The Chamber of Commerce and other powerful trade organizations are fond of using the term “job killer” to denigrate virtually any proposed legislation or regulation that protects workers, consumers, or the environment. They claim that costs of prevention and compliance drain monies that otherwise would be used to create jobs.
Sort of true, but not really
Technically, perhaps they can make a case: If one assumes there’s a fixed pot of money marked “for wages, salaries, and benefits,” and the costs of complying with pesky labor, consumer, and environmental protections must come out of that pot, then I suppose the regulations can be called job killers.
But one does not have to be a corporate accountant to know that organizational budgeting doesn’t work that way. The costs of social responsibility can come out of other buckets of money as well.
Instead, take a look
In any event, in the interest of fair play, let’s consider an alternate list of job killers:
Executive salaries — Exorbitant executive salaries and accompanying perks surely kill jobs, especially when the high pay isn’t merited due to poor performance. A mediocre CEO earning $300,000 is just as good as a mediocre CEO earning $1 million, except that with the $300,000 CEO, there’s another $700,000 left over to hire more workers.
Bullying managers — Workplace bullying increases employee attrition, absenteeism, and health care costs, while driving down employee morale and productivity — all of which have negative bottom line impacts. In the U.S., the significant majority of workplace bullying is perpetrated by managers and supervisors.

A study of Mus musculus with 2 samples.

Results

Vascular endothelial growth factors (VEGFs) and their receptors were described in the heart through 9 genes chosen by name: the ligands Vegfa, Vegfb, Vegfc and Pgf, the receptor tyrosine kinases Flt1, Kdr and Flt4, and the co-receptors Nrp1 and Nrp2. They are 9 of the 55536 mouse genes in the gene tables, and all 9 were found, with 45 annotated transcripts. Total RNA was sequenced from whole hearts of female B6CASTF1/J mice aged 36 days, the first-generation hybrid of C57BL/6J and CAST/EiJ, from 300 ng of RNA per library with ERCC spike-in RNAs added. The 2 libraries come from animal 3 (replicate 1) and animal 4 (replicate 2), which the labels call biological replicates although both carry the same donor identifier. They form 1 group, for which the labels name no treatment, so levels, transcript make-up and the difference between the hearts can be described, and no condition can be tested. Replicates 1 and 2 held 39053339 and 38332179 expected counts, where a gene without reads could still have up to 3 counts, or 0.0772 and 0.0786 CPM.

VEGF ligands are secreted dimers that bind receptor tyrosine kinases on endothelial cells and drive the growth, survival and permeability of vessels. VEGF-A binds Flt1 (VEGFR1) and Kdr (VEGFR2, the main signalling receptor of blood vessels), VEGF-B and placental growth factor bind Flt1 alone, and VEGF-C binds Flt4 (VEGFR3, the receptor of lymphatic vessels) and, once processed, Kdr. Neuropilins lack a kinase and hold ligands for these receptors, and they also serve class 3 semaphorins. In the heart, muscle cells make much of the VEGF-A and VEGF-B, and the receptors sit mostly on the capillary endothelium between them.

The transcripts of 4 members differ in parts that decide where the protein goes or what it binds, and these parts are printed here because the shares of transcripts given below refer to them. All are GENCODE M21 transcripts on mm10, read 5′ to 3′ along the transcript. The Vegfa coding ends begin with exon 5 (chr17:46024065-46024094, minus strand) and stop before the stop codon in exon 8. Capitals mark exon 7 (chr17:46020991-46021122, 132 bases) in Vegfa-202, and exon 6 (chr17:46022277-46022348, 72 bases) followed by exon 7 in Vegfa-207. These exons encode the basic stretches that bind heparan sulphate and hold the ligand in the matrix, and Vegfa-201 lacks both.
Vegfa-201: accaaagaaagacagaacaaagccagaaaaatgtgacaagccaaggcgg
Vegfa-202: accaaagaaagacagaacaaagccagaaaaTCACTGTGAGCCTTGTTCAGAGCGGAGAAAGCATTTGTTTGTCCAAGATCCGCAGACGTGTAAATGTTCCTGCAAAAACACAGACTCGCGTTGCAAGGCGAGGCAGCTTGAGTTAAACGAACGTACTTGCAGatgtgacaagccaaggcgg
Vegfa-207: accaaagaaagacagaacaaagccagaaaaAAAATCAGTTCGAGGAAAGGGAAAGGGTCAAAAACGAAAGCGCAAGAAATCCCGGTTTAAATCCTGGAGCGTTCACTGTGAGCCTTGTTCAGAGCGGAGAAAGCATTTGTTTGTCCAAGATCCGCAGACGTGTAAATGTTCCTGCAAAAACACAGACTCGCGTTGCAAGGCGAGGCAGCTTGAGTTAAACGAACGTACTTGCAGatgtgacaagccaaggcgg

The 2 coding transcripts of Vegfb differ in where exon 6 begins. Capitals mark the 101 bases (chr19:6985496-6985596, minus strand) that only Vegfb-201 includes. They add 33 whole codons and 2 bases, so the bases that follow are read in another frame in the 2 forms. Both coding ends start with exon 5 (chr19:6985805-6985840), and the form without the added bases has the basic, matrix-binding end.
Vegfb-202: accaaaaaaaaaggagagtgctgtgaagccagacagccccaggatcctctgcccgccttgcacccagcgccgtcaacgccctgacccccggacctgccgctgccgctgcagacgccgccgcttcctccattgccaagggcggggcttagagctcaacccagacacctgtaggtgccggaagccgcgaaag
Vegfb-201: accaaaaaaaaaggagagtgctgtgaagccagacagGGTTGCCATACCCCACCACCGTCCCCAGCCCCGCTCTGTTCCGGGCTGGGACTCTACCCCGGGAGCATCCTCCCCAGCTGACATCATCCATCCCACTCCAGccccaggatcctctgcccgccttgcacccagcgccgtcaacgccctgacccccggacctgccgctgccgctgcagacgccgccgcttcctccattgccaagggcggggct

Health care costs — Attempts to create affordable, quality health care for all are continually thwarted by corporations, insurance companies, and pharmaceutical companies that lobby Congress and state legislatures and form political action committees to reward their friends in elected office.
Demanding stockholders — Stockholders who pressure corporations to post sky-high profits rather than reasonable ones are, in essence, drawing from monies that could be used to hire workers and pay them a living wage.
It’s not quite so easy
Okay, I admit, it’s more complicated than that. The business, labor, and regulatory climate in the U.S. is multifaceted, to say the least. Fixing unemployment and a huge earnings gap, among other things, requires more than serving up competing bullet points.
But if we’re even going to consider the claim that safeguarding workers, consumers, and our planet kills jobs, then at least let’s look at other major factors that curb job creation and preservation.